The head of the union representing Medford firefighters says he's filed a grievance on behalf of two members who were denied payment for medical bills stemming from on-the-job injuries, after they refused to provide the department with the results of their HIV and hepatitis screenings ordered after the incidents.
"I filed arbitration this morning," Rick Jordan, president of the International Association of Fire Fighters Local 1032, told the City Council at a public meeting on Tuesday.
Lieutenant Brian Cronin, a 30-year veteran of the department and one of the parties to the grievance, was pricked by a needle in April 2008 while cleaning the public bathroom in the community room at Station Five, located at 0 Medford St.
He was transported to Lawrence Memorial Hospital and underwent blood tests for HIV and hepatitis three months, six months, and one year after the accident.
Since the dispute with Cronin first surfaced in the department, the union has voted to stop cleaning the public bathrooms in the Station Five community room, which two Alcoholics Anonymous groups use regularly, among other organizations.
Cronin told the council that no one has cleaned the bathrooms since June.
"This is absolutely disgusting," said City Councilor Paul Camuso, echoing the sentiments of his colleagues, who expressed disbelief that Fire Chief Frank Giliberti would refuse to pay Cronin's medical bills.
He has an outstanding bill of $607 for the tests, Cronin told the council on Tuesday. He said Giliberti informed him that he would only pay the bill if Cronin provided the test results to the department.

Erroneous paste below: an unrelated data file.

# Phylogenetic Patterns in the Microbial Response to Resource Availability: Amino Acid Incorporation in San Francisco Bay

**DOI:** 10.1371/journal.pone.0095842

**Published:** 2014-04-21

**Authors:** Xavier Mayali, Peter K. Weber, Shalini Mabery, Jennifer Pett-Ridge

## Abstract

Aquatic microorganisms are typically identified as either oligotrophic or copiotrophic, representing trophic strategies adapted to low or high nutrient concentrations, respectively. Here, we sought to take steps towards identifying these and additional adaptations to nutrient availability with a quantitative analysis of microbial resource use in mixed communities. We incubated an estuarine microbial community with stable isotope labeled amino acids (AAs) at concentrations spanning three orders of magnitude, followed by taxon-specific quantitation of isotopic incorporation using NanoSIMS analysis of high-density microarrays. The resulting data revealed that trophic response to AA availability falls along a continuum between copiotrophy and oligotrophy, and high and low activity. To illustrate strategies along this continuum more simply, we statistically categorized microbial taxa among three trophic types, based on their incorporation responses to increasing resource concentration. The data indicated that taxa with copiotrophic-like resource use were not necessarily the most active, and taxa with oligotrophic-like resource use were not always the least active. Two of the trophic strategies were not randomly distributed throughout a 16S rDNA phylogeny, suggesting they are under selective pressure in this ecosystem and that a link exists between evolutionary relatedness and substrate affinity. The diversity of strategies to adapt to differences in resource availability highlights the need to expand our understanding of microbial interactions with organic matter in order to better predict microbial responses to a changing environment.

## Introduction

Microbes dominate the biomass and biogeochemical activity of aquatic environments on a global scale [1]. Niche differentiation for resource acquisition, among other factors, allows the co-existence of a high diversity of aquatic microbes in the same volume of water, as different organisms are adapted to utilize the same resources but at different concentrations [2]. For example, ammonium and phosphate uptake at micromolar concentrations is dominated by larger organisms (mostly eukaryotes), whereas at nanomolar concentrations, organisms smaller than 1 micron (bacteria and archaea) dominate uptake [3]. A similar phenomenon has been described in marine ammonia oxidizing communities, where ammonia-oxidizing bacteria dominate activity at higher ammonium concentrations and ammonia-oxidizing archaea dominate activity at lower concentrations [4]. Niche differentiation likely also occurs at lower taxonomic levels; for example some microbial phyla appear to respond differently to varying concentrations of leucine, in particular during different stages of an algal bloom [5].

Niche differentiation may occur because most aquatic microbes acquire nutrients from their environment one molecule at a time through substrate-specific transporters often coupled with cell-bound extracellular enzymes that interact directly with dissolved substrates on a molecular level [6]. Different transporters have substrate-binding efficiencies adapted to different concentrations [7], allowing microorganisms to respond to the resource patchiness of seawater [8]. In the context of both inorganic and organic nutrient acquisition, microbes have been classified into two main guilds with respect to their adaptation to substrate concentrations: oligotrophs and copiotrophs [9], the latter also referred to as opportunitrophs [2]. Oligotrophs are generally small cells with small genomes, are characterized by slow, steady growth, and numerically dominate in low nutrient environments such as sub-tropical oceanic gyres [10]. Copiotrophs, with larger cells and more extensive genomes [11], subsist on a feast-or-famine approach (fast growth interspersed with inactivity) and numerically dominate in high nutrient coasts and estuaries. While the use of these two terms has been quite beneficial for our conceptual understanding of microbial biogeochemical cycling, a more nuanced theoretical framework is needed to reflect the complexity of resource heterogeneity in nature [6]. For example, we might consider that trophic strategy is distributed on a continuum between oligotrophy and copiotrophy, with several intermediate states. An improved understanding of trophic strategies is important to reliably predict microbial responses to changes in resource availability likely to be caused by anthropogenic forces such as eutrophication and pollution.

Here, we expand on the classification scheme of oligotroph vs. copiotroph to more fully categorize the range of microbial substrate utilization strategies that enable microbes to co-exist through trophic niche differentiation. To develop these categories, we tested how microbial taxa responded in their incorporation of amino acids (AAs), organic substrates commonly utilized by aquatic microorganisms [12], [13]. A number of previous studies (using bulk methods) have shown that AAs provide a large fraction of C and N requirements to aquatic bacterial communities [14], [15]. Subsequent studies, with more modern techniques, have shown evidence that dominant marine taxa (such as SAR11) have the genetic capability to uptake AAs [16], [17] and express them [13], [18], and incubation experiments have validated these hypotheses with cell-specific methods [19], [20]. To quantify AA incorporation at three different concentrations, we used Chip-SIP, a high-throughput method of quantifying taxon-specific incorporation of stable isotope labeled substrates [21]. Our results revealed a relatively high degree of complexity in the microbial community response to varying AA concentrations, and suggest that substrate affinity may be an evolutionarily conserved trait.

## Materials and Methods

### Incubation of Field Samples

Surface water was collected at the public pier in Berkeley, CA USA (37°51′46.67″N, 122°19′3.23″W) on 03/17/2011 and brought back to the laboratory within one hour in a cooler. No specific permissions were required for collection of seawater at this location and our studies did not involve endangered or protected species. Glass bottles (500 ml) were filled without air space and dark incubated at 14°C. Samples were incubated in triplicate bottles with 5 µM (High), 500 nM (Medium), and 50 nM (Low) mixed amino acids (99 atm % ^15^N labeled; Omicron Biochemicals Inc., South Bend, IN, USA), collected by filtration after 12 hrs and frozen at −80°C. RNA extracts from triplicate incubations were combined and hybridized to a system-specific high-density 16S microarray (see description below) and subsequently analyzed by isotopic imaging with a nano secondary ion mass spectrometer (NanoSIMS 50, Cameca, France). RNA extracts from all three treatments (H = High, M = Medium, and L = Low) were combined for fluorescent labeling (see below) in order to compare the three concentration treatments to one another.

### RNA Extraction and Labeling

Cronin refused, citing state and federal privacy laws, and his bill was referred to a collection agency.
"I get two calls a day now from Glenn Associates," Cronin told the council, adding that Giliberti demanded the test results on the advice of Meditrol, Inc., a Chicopee-based firm that administers the department's on-the-job injury claims.
Gil Barrett, a Meditrol vice president, said that federal law allows employers and claim administrators to access test results, provided there's a "legitimate business interest" in knowing the outcome.
"The chief needs to be aware of that from a public safety point of view," Barrett said.
Giliberti confirmed that, calling the dispute with Cronin the first "snag" of its kind in his 11 years as chief.
"You think I want firefighters contracting some type of contagious disease and being exposed to the public?" Giliberti said, adding that Cronin is a friend and "one of my best employees."
The council unanimously passed a resolution on Tuesday urging, among other things, that the city pay Cronin's bill immediately and that Mayor Michael McGlynn dispatch cleaners to the Station Five public bathrooms.
McGlynn could not immediately be reached.
Jordan said that if Giliberti takes the claims of Cronin and another firefighter all the way to arbitration, then the American Arbitration Association - which hears all disputes between the city and the union - would receive between $1,000 and $1,200 per day to adjudicate the case, to be split evenly between both sides. And that's on top of attorney fees.
"I would hope it wouldn't go that far," Giliberti said.
Jordan noted that while he couldn't say what a typical arbitration hearing costs the city, "[It] costs us anywhere from $3,000 to $5,000 if it's just a one-day quickie."
The other firefighter in the grievance - who has declined to be named publicly - was tested for HIV and hepatitis under similar circumstances, Jordan said.
He told the council that at least one firefighter has refused medical treatment in the aftermath of the dispute, fearing that he wouldn't be compensated.
"I just want my people to have peace of mind," Jordan said.